But what exactly is the difference between an NP and a CNL?
Below, we answer this question so that you will be better prepared to make an informed decision about your career. In addition to looking at the role and responsibilities of both NPs and CNLs, we also examine the typical path toward achieving the title.
A clinical nurse leader is an integral part of modern nursing teams focused on point of care. Master's-educated, clinical nurse leaders serve as advanced generalists who coordinate and oversee care of patients under their charge. The role was created by the American Association of Colleges of Nursing (AACN) in 2003.
Clinical nurse leaders perform multiple different duties for their patients.
On the one hand, clinical nurse leaders act as a point of contact for their patients. In this role, CNLs coordinate and collaborate with each of their patients’ caregivers with a goal of:
In this regard, CNLs are often thought of as conductors or air traffic controllers, because they coordinate all of the complicated movements necessary to support each patient.
On the other hand, CNLs must regularly exercise critical thinking skills by evaluating the systems and structures currently in use within their facility or organization, with a goal of addressing recurring challenges or improving patient wellbeing.
In order to become a clinical nurse leader, you will need to complete the following steps:
Nurses who hold an associate's degree in nursing and wish to become a CNL can either follow the route outlined above (earning their BSN and then MSN) or may be able to enroll in an RN-to-MSN bridge program for CNLs.
A nurse practitioner is an advanced practice registered nurse (APRN) who holds either an MSN or Doctor of Nursing Practice (DNP) and acts as a primary care provider for the patients under their care. Because of their advanced education and training, NPs are able to prescribe medications, order diagnostic tests, diagnose patient conditions, and treat patients. In many states, NPs are able to perform these duties autonomously without the oversight of a physician.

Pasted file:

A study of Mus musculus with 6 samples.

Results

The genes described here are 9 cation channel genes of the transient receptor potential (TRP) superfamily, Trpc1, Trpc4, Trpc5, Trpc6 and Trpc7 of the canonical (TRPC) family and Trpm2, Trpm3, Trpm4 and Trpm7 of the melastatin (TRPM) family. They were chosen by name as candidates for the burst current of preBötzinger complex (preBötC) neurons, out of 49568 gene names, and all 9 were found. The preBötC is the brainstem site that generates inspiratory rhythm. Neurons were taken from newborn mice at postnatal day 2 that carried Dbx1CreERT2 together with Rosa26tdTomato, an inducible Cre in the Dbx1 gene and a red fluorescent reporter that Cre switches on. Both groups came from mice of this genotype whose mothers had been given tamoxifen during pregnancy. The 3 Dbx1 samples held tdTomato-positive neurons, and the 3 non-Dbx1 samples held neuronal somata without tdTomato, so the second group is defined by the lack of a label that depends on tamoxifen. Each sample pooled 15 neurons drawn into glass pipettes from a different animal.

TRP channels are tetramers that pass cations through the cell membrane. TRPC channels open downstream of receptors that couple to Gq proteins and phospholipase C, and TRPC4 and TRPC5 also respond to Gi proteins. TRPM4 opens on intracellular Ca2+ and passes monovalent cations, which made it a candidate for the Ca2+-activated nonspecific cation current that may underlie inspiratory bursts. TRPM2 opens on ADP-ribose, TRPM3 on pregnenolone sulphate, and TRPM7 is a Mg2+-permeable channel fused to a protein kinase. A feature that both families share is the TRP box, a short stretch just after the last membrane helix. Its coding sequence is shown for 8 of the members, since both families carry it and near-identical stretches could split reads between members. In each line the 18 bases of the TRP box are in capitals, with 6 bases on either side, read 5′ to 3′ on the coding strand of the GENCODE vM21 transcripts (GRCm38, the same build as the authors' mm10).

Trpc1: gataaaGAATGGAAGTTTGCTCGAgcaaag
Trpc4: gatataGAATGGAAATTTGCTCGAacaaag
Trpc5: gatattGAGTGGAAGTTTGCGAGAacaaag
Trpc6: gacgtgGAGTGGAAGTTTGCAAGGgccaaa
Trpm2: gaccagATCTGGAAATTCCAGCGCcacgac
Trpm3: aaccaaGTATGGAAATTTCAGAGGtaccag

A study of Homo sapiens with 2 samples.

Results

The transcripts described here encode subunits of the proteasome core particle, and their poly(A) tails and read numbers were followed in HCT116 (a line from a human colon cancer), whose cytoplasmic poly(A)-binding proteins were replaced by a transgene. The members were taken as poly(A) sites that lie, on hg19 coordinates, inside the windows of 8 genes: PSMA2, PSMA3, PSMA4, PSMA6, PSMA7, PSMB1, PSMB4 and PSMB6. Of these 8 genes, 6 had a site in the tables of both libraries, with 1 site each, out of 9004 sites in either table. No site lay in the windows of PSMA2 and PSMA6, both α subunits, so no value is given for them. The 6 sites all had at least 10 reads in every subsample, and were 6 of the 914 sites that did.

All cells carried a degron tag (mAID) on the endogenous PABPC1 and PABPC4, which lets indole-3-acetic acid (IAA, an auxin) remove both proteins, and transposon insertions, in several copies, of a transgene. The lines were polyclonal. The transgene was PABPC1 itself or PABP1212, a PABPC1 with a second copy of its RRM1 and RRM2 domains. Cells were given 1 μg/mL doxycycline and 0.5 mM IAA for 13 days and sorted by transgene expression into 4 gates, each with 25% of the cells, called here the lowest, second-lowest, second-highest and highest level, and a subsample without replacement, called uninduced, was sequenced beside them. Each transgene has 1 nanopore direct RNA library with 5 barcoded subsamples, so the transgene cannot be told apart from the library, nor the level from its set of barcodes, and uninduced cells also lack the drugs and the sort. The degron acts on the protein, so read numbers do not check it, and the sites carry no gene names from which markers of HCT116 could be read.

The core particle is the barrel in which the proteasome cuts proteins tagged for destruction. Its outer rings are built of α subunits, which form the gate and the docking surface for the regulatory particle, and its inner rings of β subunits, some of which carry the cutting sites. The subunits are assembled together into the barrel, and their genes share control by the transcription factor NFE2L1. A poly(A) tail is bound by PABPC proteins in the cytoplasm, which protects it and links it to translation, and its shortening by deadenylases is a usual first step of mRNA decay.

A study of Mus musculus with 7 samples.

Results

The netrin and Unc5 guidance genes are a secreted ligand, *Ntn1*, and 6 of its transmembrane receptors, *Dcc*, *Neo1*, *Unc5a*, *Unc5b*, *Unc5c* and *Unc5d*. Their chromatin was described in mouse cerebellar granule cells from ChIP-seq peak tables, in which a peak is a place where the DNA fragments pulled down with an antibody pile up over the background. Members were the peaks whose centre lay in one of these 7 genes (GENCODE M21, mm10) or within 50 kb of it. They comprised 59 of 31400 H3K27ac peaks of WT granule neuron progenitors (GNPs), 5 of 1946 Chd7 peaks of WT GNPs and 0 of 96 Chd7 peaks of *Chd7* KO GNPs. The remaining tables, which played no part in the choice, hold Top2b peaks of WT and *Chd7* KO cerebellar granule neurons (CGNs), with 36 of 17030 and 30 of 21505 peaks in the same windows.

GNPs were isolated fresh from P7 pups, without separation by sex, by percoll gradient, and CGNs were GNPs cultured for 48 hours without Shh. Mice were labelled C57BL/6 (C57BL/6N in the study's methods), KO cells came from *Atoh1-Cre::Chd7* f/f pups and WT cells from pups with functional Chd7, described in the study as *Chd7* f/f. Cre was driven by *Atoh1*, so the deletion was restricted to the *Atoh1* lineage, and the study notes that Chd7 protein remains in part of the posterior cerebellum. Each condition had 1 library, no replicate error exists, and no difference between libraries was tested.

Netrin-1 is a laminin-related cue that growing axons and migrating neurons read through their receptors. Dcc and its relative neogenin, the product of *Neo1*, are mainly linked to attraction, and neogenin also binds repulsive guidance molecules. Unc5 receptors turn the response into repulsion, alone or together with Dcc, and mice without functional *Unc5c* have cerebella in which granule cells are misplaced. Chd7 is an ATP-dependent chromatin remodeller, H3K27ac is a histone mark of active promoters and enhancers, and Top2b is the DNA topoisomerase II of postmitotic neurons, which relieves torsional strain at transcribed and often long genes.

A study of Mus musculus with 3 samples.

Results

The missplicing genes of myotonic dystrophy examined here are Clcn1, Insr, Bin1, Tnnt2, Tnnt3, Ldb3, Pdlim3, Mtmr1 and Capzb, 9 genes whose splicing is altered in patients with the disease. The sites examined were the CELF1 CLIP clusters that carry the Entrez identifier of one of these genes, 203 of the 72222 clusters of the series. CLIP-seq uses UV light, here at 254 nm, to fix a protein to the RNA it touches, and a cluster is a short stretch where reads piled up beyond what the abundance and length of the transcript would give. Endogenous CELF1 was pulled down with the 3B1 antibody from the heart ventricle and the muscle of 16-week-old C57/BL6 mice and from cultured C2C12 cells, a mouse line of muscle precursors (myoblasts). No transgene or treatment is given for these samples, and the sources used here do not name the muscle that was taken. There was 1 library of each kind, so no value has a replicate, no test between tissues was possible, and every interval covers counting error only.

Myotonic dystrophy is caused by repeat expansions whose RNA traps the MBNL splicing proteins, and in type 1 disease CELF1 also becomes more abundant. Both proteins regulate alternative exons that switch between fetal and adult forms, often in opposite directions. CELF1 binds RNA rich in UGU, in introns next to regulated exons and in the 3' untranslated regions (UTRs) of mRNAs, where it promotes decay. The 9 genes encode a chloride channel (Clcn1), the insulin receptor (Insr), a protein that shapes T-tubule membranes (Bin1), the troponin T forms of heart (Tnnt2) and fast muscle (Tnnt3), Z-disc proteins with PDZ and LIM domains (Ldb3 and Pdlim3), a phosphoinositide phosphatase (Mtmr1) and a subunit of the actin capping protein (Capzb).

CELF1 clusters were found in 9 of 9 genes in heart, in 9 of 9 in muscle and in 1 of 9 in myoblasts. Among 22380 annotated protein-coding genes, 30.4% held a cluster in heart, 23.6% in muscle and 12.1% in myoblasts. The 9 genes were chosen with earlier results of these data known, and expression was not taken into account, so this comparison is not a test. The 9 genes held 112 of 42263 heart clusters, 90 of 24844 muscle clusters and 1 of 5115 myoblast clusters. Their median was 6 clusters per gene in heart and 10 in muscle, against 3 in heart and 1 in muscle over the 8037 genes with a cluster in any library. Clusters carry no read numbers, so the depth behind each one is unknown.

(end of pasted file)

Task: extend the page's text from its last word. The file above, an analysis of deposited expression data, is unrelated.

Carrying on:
Nurse practitioners serve as the primary care provider for their patients. In this role, NPs may perform any combination of the following duties:
Because nurse practitioners are not overseen by physicians in many states, they typically enjoy much more freedom and autonomy than an RN.
In order to become a nurse practitioner, you’ll need to complete the following steps:
Because an MSN is required to become a nurse practitioner, those who know early that they wish to become an NP will typically earn their BSN before becoming an RN. Of course, it is possible to work as an RN with only your ADN. If you earned your ADN, you can either go back to school to complete a BSN and then either your MSN or DNP, or you can find an RN-to-MSN bridge program.
The primary difference between the two roles is that while a nurse practitioner is trained to act as the primary caregiver for their patients without oversight from a physician, clinical nurse leaders are specifically trained to coordinate patient care. In this regard, CNLs tend to be nursing generalists, while NPs tend to be trained to work with a particular patient population.